What would you say you’re trying to communicate when you write about perfume?
The first thing I’d say I try to communicate is what the scent smells like. And that starts off in a really kind of empirical way: it smells like these notes. Then I move to what it makes me feel; what it’s conveying, what all these things together are evoking. And I try to situate it in a history: What must this scent have meant for people during its time. Emotionally, too: how does this scent make me feel? I try to hit all of those things.
Why? Because I don’t think people take scent as seriously as they should. I think in people’s lives scent actually has a lot of meaning. And because there’s not a lot of discourse around it they just experience it without really being able to analyze it the way you can other things. It’s culturally available to talk about movies or poems or fashion even, but with perfume, this very intimate, personal historical thing, they don’t really have the language to talk about it, so I try to initiate that conversation.
Why is that important to you?
It’s important to me because I think scent is important to people. It’s part of their memory; part of their cultural history. People can say, When I smell this, I return to my fourteen year-old self or my twenty year-old self or when I fell in love with this person or the way my grandmother smelled. These are important things. And I think they’re worthy of analysis.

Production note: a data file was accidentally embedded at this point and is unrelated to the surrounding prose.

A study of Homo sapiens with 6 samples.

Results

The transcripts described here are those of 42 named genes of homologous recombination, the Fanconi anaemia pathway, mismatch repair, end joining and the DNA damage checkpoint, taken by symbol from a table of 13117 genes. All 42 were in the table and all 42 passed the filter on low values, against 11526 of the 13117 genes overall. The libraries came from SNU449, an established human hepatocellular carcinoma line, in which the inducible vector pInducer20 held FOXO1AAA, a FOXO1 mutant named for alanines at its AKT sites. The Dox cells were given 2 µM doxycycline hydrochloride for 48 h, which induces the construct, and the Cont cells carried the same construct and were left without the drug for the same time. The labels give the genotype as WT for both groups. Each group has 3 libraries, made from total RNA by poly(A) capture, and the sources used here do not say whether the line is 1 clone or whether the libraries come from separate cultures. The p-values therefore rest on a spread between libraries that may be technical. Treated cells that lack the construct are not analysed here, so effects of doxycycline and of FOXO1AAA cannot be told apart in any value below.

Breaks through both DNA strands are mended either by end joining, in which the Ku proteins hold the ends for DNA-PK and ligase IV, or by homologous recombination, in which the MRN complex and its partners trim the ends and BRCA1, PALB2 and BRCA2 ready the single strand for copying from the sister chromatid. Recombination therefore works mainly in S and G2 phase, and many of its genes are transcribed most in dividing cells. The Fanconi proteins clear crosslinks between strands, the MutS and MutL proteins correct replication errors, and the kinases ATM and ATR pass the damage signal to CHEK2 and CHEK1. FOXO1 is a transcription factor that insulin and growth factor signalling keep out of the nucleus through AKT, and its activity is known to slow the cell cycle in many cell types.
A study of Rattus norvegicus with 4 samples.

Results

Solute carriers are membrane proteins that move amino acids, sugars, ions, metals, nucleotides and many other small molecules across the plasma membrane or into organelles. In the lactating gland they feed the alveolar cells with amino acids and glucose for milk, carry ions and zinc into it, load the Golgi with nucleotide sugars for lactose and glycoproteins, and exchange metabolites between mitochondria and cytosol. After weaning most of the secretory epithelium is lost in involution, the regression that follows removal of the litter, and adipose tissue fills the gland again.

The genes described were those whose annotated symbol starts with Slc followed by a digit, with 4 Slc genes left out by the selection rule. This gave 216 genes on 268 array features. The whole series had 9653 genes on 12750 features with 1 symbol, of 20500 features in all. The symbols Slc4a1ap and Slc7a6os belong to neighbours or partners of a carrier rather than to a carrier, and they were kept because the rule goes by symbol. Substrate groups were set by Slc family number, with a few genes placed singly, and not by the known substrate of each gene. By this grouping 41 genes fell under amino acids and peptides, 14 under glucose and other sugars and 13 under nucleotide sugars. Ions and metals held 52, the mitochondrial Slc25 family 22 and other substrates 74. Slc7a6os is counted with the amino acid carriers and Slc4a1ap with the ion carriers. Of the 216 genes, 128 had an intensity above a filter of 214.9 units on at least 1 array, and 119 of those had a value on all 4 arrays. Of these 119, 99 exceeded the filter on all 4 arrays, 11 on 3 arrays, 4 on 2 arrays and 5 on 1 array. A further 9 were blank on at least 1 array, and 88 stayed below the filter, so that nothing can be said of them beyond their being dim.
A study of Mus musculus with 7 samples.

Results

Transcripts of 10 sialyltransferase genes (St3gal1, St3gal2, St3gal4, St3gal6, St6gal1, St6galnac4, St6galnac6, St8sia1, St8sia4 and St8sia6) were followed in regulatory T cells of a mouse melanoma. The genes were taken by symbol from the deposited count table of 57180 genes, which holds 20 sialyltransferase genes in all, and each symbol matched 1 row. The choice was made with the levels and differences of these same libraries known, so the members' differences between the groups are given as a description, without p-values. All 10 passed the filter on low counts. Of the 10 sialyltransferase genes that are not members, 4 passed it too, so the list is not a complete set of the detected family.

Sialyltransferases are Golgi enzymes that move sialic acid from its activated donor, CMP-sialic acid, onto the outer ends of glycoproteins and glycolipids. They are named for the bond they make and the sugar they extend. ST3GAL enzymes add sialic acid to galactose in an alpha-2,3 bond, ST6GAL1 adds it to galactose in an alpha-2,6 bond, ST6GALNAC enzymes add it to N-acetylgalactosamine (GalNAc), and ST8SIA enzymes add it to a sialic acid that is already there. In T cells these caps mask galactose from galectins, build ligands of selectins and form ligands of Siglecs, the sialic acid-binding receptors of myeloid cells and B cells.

If you could go back to the person who was going into the mall and spraying ten different things on herself, you as a teenager, and tell her anything, what would it be?
I don’t think she needed to know anything. If anything, she could tell me things. Because she was just open. She liked what she liked, she sprayed what she liked on her, and there wasn’t a lot of censorship. She just liked what she liked, and I think that’s something we can all learn from.
Where does the censorship come in for you now? Do you struggle with that?
Well, I think when I wear something people tell me they don’t like, it hurts my feelings, and it makes me second guess whether I should like it. We’re living in a culture where people don’t like perfume, they don’t like scent, they don’t want to smell you. So I’m very self conscious about scent. That girl didn’t give a shit what anyone thought. You know? I was wearing fifteen different perfumes. I wore whatever I liked. If people were like, I have a headache, I would just be like, roll a window down. I didn’t care.
Barbara Herman is the author of Scent and Subversion: Decoding a Century of Provocative Perfume and the website Yesterday’s Perfume. The short film above, These Things That Stink, was shot during a reading at Scent Bar in Los Angeles during the fall of 2013. The interview was conducted in May of 2014.